Tolent, the AIM listed construction group, is to hold a General Meeting on 8 February which will seek shareholder approval for the cancellation of its trading on AIM.
An explanatory circular setting out the details of the proposal has been posted to shareholders today.
The circular said: “The perceived benefits of an AIM listing usually include access to funding, enhanced corporate profile and liquidity in the company's shares. The Board has reached the view that the Company is not receiving these benefits to any extent that would justify the costs and management time associated with maintaining the listing.
“Furthermore, the requirements to provide trading updates under the AIM Rules are proving commercially disadvantageous in the current climate. The Board therefore believes that the Company's interests would be better served if the Company were to operate as an unlisted company without the requirements of an AIM listing.”
Tolent has been listed on AIM since its demerger from Amco Corporation Plc, now called Billington Holdings, in 1999. The firm has not sought to raise any money from the markets since joining AIM, and says it is unlikely to attempt to do so.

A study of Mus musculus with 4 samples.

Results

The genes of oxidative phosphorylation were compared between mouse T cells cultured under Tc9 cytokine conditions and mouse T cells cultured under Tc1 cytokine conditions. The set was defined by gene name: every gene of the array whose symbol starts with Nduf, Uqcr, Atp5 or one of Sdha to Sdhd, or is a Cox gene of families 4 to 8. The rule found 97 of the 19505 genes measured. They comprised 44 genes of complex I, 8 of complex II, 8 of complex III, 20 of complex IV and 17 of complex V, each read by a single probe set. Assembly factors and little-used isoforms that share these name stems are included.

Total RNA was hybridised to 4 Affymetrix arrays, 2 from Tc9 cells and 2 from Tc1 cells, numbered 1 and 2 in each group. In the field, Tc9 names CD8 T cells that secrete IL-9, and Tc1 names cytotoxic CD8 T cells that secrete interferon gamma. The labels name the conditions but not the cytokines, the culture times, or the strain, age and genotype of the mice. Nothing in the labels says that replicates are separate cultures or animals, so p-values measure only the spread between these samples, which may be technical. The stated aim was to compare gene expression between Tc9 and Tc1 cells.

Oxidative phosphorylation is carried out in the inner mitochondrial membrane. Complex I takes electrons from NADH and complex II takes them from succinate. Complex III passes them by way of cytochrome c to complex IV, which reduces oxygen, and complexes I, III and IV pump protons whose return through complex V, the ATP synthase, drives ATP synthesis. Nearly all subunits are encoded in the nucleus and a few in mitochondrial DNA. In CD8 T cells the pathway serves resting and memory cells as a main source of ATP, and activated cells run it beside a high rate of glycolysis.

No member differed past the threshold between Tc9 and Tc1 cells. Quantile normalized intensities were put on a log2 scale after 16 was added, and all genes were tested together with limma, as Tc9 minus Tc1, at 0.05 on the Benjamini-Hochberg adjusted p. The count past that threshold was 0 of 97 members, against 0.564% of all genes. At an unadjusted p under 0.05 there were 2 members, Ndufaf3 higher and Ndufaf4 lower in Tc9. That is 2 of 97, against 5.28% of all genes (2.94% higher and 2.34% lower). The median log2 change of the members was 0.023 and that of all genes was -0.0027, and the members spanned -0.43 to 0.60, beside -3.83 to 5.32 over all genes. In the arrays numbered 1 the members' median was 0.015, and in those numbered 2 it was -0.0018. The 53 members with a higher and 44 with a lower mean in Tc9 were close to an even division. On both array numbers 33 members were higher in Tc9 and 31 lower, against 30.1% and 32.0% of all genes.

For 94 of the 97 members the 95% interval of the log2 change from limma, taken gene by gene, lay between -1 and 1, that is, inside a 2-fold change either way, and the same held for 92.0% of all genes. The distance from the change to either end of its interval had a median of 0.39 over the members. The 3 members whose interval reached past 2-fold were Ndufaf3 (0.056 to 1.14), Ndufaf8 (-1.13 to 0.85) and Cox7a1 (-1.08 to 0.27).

In its last full-year accounts, for the 12 months to 31 December 2008, Tolent made a pre-tax profit of £1.3m on a turnover of £154m.
The circular continued: “Private companies only have the requirement to produce accounts annually, which can help them to delay customers becoming aware of any deterioration in their performance, for example.
“However, Tolent is more transparent owing to its relatively small size and AIM listing with its requirement for regular trading updates and, in the current climate, where activity levels are low, it is not difficult for customers to identify the impact that their contract is having on the company's results and to use that to their commercial advantage.
“Volatility in the share price and the apparent discount or premium to the Group's net assets from time to time can also create a misleading view of the company. Tolent's management find that considerable effort is often required to address the perceptions created with customers and suppliers before they will deal with the company and the board considers that cancellation will remove this factor from discussions with customers and suppliers.”
It concluded: “The Board has therefore decided to propose the cancellation. The Directors' intention is that the company should remain a public but unlisted company.”